07-14-04, 01:18 PM #1
Good Story Here
07-14-04, 01:56 PM #2
that IS a good story. always nice to know when something goes right.
07-14-04, 02:04 PM #3
Another Good One
Stories like these never go out in force..........
Iraqi memorial to fallen Americans
Sculptor using bronze from Saddam's statues now at Fort Hood
A statue, now on display at Fort Hood in Texas, pays tribute to the sacrifices made in Iraq by showing an Iraqi girl comforting a U.S. soldier mourning one of his comrades.
Ironically, the statue was made by an Iraqi sculptor who previously worked for Saddam Hussein and cast many official statues of the former Iraqi dictator. On top of that, the bronze used in the piece came from statues of Saddam that were melted down and recast.
The statue was the idea of Army Sgt. Maj. Glen Simpson, stationed last year in Saddam's hometown of Tikrit. Two statues of Saddam on horseback stood at the main gate of the former ruler's palace in the town, which the 4th Infantry Division used as its headquarters. When the statues were removed, Simpson got the inspiration to use the bronze from the statues in an image that would pay tribute to his comrades.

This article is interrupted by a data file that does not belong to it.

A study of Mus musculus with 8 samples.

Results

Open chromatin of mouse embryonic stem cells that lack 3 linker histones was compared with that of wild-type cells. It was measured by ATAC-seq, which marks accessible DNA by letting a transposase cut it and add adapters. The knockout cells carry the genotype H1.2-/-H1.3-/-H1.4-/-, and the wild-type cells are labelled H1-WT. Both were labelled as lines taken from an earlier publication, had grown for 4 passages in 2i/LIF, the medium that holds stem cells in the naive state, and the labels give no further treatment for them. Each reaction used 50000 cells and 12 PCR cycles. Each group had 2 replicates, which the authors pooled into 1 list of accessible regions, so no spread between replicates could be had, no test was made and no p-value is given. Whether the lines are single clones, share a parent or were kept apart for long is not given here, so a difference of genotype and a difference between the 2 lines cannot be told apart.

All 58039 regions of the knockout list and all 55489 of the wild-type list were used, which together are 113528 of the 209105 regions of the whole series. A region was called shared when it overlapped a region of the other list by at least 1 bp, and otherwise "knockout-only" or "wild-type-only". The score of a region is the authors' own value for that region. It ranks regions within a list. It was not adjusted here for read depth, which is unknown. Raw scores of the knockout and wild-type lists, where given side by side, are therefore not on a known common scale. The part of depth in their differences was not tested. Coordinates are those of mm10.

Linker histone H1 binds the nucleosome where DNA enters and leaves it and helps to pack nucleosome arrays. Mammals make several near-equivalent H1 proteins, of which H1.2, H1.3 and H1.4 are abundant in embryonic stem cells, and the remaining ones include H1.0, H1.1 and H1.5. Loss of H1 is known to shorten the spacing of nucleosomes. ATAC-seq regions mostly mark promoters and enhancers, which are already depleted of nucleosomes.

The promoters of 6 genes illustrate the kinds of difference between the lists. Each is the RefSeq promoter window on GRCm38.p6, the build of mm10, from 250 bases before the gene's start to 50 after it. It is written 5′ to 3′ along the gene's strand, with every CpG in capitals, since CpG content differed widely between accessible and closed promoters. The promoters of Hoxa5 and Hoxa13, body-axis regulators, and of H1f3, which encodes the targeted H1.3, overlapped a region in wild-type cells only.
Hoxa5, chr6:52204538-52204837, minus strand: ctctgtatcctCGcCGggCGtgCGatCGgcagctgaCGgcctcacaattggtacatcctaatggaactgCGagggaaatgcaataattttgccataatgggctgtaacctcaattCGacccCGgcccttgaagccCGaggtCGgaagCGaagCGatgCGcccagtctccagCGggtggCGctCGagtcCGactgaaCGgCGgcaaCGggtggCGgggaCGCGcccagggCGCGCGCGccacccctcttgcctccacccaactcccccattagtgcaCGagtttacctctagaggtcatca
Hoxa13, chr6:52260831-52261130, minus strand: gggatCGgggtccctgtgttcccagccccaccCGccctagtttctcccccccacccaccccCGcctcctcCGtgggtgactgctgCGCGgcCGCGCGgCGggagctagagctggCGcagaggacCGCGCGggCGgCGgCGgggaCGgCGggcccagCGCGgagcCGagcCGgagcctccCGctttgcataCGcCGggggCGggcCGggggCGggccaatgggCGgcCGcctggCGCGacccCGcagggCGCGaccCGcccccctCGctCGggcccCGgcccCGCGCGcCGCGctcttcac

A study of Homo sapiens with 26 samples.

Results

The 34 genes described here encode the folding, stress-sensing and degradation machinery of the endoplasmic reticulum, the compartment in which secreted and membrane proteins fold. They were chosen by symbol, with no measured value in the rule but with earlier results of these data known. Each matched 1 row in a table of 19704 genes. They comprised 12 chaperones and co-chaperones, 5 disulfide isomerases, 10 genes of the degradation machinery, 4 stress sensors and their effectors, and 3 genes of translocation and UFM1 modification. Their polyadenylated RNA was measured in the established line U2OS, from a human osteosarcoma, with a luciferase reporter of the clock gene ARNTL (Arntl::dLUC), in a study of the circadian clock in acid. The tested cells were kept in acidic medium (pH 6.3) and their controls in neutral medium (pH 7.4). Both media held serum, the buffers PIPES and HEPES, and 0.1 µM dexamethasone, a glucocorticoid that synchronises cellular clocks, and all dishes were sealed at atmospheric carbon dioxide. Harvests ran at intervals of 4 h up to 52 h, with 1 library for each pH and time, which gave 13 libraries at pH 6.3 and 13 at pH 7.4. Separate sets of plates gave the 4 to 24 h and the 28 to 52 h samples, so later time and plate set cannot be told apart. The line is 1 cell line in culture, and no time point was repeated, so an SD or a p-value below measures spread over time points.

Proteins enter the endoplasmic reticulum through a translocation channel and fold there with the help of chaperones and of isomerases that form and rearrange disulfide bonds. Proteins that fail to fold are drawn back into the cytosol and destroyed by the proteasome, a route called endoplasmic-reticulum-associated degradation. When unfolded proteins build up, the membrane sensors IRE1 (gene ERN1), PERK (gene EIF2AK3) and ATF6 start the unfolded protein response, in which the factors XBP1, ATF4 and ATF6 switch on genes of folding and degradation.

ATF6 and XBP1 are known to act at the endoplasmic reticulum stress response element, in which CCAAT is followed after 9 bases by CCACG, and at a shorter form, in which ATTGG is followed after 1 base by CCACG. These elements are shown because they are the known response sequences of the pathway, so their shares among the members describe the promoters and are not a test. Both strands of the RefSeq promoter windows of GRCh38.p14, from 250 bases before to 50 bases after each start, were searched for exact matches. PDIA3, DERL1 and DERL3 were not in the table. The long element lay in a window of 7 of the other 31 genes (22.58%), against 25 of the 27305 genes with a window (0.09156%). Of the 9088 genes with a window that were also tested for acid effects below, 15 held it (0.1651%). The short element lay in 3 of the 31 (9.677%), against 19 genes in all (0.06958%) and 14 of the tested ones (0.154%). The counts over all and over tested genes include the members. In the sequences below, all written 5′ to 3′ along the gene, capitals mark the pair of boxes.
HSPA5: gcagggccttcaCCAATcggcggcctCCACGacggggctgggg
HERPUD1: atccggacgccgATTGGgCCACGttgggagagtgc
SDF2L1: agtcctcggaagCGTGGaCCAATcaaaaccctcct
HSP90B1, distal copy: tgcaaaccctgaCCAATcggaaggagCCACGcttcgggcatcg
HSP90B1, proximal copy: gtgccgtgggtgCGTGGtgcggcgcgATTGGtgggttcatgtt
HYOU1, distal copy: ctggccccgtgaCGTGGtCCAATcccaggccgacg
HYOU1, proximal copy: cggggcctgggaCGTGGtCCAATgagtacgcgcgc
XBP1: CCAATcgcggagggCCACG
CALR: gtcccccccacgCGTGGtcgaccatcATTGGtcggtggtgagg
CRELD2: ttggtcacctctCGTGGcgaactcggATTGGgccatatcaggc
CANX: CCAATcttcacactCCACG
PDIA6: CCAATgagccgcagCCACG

"I wanted to forever symbolize the ultimate sacrifice that we make as soldiers," he wrote.
Simpson set out to find Kalat, the sculptor who created the original statues of Saddam. The artist was delighted to be asked to create the memorial.
Kalat worked for months on the project.
The finished sculpture depicts a soldier kneeling before boots, a rifle and a helmet, his forehead resting on his hand. A young Iraqi girl reaches out to touch the mourning soldier. It was shipped to Fort Hood last February.
The Iraqi girl, he said, symbolizes why the sacrifice was made.
"There are critics that will say this has nothing to do with the memorial statue, but I submit that it has everything to do with the statue. The children of Iraq are its free future," explained Simpson, who posed for the artist himself.
U.S. soldiers donated money to cover the cost of the statue, although Kalat did not ask to be paid.
"We all felt that since Saddam paid him through threats, by gunpoint, for his statues, (Kalat) deserved whatever funds we could raise," Simpson said.